By Elisabeth Liptak, IDA Director of Professional Development
Senator Bill Cassidy (R-LA) introduced two amendments focused on dyslexia to the No Child Left Behind reauthorization bill, known as the Every Child Achieves Act of 2015. One of the amendments gave schools the option to use funds to train professionals to recognize dyslexia and other learning disabilities. The other included language ensuring those children with dyslexia and other specific learning disabilities would have the resources and support they need to succeed academically.
Despite strong support from IDA, the National Center for Learning Disabilities, and the Learning Disabilities Association of America, the amendments were defeated by the committee. Several committee members cited concern that it would be unfair to single out one disability group.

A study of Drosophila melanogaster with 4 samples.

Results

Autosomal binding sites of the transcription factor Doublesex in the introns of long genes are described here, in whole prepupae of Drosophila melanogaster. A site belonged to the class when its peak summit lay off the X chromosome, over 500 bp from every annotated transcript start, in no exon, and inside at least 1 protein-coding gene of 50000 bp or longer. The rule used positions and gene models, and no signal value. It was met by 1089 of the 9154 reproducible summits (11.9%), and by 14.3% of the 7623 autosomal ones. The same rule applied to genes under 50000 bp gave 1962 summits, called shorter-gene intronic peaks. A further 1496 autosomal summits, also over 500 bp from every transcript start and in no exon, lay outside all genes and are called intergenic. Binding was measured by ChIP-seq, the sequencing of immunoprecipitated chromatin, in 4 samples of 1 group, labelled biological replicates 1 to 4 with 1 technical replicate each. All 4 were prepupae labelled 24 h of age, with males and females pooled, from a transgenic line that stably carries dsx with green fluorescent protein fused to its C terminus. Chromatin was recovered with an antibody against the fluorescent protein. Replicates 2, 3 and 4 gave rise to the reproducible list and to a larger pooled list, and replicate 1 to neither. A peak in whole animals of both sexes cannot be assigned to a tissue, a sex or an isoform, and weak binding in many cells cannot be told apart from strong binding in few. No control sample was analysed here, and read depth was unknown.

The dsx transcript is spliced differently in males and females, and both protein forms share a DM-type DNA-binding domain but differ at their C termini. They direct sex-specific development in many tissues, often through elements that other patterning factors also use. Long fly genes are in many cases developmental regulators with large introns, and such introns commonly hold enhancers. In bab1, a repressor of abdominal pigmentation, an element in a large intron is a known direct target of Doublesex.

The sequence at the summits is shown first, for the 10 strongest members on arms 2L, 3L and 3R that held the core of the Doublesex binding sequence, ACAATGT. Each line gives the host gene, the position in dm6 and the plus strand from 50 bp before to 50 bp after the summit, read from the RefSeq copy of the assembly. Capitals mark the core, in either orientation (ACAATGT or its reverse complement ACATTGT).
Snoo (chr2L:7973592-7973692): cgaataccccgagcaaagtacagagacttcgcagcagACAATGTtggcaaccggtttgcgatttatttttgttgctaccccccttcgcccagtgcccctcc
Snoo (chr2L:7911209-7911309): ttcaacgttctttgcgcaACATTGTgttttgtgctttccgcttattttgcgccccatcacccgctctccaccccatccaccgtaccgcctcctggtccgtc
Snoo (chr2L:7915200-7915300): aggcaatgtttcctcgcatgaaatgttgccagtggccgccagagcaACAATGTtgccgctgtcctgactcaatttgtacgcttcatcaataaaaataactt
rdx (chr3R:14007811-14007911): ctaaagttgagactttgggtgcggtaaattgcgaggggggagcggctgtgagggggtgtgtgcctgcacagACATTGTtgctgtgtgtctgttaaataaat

Newly elected to the Senate, Senator Cassidy previously headed the Dyslexia Caucus as a member of the House of Representatives. He played a key role in organizing the Science of Dyslexia hearing on Capitol Hill in September 2014, offering passionate testimony as the parent of a daughter with dyslexia.
While the Cassidy amendments were defeated, the Senate Health Education Labor and Pensions Committee unanimously passed the reauthorization bill on April 16. It now moves to the full Senate for a vote. Because the bill is seen as a balance between accountability and local control, it has received bipartisan support as well as the support of governors, schools, and unions. The bill maintains accountability through annual testing of students in reading and math, with a breakdown by ethnicity, gender, income, English language learners, and disability. At the same time, it preserves local control in allowing states to determine how to address underperforming schools. We will report on the Senate vote in a future Examiner issue.